U.S. oil prices hit a new 13-year low and then rebounded to unchanged in late trading as both oversupply and the threat of coordinated output cuts spooked the market in both directions.
Oil prices sank early in the day as part of a broader market selloff and then sank further after news of growing stockpiles at a key U.S. hub. But that selloff reversed quickly and oil pared losses late Thursday after The Wall Street Journal posted translated comments from the United Arab Emirates' energy minister about whether OPEC members are more open to cutting output.
The minister, Suhail bin Mohammed al-Mazroueifirst, was asked by a Sky News Arabia broadcaster if it is true that the Organization of Petroleum Exporting Countries members are more open to the idea of a production cut and, if so, that there will be a coordinated cut.
"Everyone (in OPEC) is ready to cooperate" on a cut, Mr. al-Mazrouei said. But, he added, OPEC would only cut back if it got "total cooperation from everyone," something that hasn't yet happened despite lobbying from several countries that see production cuts as a way to stop a 20-month swoon in oil prices.
Several brokers and traders called Thursday's rebound unfounded speculation, and accused bullish traders of taking Mr. al-Mazrouei's comments out of context. Additionally, his comments weren't much different from those several OPEC leaders have made in recent months and several rallies based on those past comments have failed quickly after other members of OPEC said they wouldn't participate in any effort to slow production and raise prices.
Several of OPEC's lowest-cost producers, led by Saudi Arabia, have moved to keep production high in order to compete with booming production from elsewhere around the world, especially North America. That has brought prices down more than 70% from the highs of 2014, but Saudi Arabia, Russia, and other leading producers from around the world have not been willing to pull back and have instead pushed to keep outdoing the competition.
"They're still pumping," said Tariq Zahir, who oversees $6 million as managing member of Tyche Capital Advisors LLC. "Until there's actually a meeting and they actually decide to cut output...I would just call this more speculation like we've seen last week and the week before that."
Light, sweet crude for March delivery settled down $1.24, or 4.5%, at $26.21 a barrel on the New York Mercantile Exchange. That is a new low dating back to May 2003 after six-straight losing sessions cut prices by 19%. It is the largest six-day percentage decline since the financial crisis.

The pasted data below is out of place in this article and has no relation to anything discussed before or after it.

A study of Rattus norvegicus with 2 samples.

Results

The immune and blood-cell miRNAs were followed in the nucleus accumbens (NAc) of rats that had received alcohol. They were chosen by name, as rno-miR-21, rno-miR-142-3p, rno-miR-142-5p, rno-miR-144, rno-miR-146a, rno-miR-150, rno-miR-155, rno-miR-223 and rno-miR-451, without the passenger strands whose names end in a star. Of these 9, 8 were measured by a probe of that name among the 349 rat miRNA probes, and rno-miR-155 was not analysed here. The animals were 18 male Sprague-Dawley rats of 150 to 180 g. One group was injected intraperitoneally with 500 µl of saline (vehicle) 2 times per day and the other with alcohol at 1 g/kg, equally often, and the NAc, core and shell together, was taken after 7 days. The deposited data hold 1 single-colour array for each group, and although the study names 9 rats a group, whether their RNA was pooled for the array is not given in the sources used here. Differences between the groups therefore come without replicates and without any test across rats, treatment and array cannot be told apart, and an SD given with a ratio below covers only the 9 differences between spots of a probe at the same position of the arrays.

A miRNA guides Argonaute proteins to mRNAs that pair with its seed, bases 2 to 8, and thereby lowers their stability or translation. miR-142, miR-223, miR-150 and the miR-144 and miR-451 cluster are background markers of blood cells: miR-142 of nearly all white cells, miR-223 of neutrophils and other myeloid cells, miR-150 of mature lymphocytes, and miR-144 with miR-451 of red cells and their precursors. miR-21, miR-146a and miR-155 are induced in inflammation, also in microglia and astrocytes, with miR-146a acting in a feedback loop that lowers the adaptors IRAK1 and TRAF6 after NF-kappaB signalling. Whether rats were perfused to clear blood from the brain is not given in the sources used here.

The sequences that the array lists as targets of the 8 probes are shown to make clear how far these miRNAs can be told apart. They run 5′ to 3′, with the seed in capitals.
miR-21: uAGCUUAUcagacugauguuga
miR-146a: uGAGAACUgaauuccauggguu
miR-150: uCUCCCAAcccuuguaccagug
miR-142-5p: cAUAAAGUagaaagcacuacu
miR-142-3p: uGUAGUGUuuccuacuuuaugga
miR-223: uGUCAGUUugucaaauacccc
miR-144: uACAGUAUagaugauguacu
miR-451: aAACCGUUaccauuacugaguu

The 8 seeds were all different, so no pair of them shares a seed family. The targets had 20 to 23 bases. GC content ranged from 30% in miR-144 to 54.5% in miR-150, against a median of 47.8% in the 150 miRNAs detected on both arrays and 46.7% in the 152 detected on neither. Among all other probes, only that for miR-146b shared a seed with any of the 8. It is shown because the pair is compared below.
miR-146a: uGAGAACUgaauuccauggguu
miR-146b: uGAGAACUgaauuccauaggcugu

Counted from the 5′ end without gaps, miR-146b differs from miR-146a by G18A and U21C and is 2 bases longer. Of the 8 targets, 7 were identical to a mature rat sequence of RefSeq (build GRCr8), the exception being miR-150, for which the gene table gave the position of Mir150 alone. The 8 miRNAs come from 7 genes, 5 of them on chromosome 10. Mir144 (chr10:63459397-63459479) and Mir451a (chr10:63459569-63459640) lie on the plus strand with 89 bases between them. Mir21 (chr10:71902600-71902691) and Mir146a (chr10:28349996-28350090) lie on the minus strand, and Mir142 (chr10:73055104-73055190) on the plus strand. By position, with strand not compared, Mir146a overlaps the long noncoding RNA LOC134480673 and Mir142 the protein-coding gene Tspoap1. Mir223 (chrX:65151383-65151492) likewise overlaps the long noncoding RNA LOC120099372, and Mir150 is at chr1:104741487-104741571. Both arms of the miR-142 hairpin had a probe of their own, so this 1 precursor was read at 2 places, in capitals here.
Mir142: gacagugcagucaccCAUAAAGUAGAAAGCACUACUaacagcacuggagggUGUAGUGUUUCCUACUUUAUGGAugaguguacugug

Brent, the global benchmark, lost 78 cents, or 2.5%, to $30.06 a barrel on ICE Futures Europe. Brent has since rallied to gains in electronic trading after the settlement, recently trading up 43 cents, or 1.4%, at $31.27 a barrel. U.S. crude is still lower, though it has pared losses to 23 cents, or 0.9%, at $27.21 a barrel.
Brokers and traders said they weren't surprised to see oil's whipsaw action go on much later in the day than usual. Oil has been an especially volatile market in recent weeks and especially so Thursday when it got caught up in a broader selloff predicated on fears of a quaking global economy.
A cautious tone from the Federal Reserve and a resumption of a slide in bank shares fueled big losses in Asian trading to start the day that then spread to other markets across the globe. Investors are seeking safety in U.S. government bonds, the yen and gold, but selling riskier assets, including oil.
Many investors have been lured into oil in an effort to catch the end of its historic collapse. But that has ended badly over several prior rallies, with oil repeatedly plunging lower.
"Fear and loathing" today, said Bart Melek, head of commodity strategy at TD Securities in Toronto. The market could recovery sharply sometime later this year, but "We think it's going to be lousy and nasty for the next three to six months at least."
That was reinforced again late Monday morning by new data on the amount of oil building up at the delivery point for the West Texas Intermediate contract. Data provider Genscape Inc. told clients Thursday that stockpiles in Cushing grew by 550,000 barrels between Friday and Tuesday, according to a person who viewed the data.
Prices retreated to deep losses in response.
Traders have been selling off since Wednesday in part because of filling stockpiles at Cushing, analysts said. Many disputed whether Cushing's increasing stockpiles ultimately should matter for prices, but said the increase highlighted concerns about the glut from growing stockpiles around the world, and the pressure it causes to sell oil at a discount.
"We are in panic mode," said Scott Shelton, broker at ICAP PLC.
Gasoline futures settled down 0.8 cent, or 0.1%, at 94.17 cents a gallon. Diesel futures gained 0.42 cent, or 0.4%, to 97.91 cents a gallon.
Corrections & Amplifications: The words "on a cut" were removed from a quote from Suhail bin Mohammed al-Mazrouei to more accurately reflect the account of his words.
Benoit Faucon contributed to this article.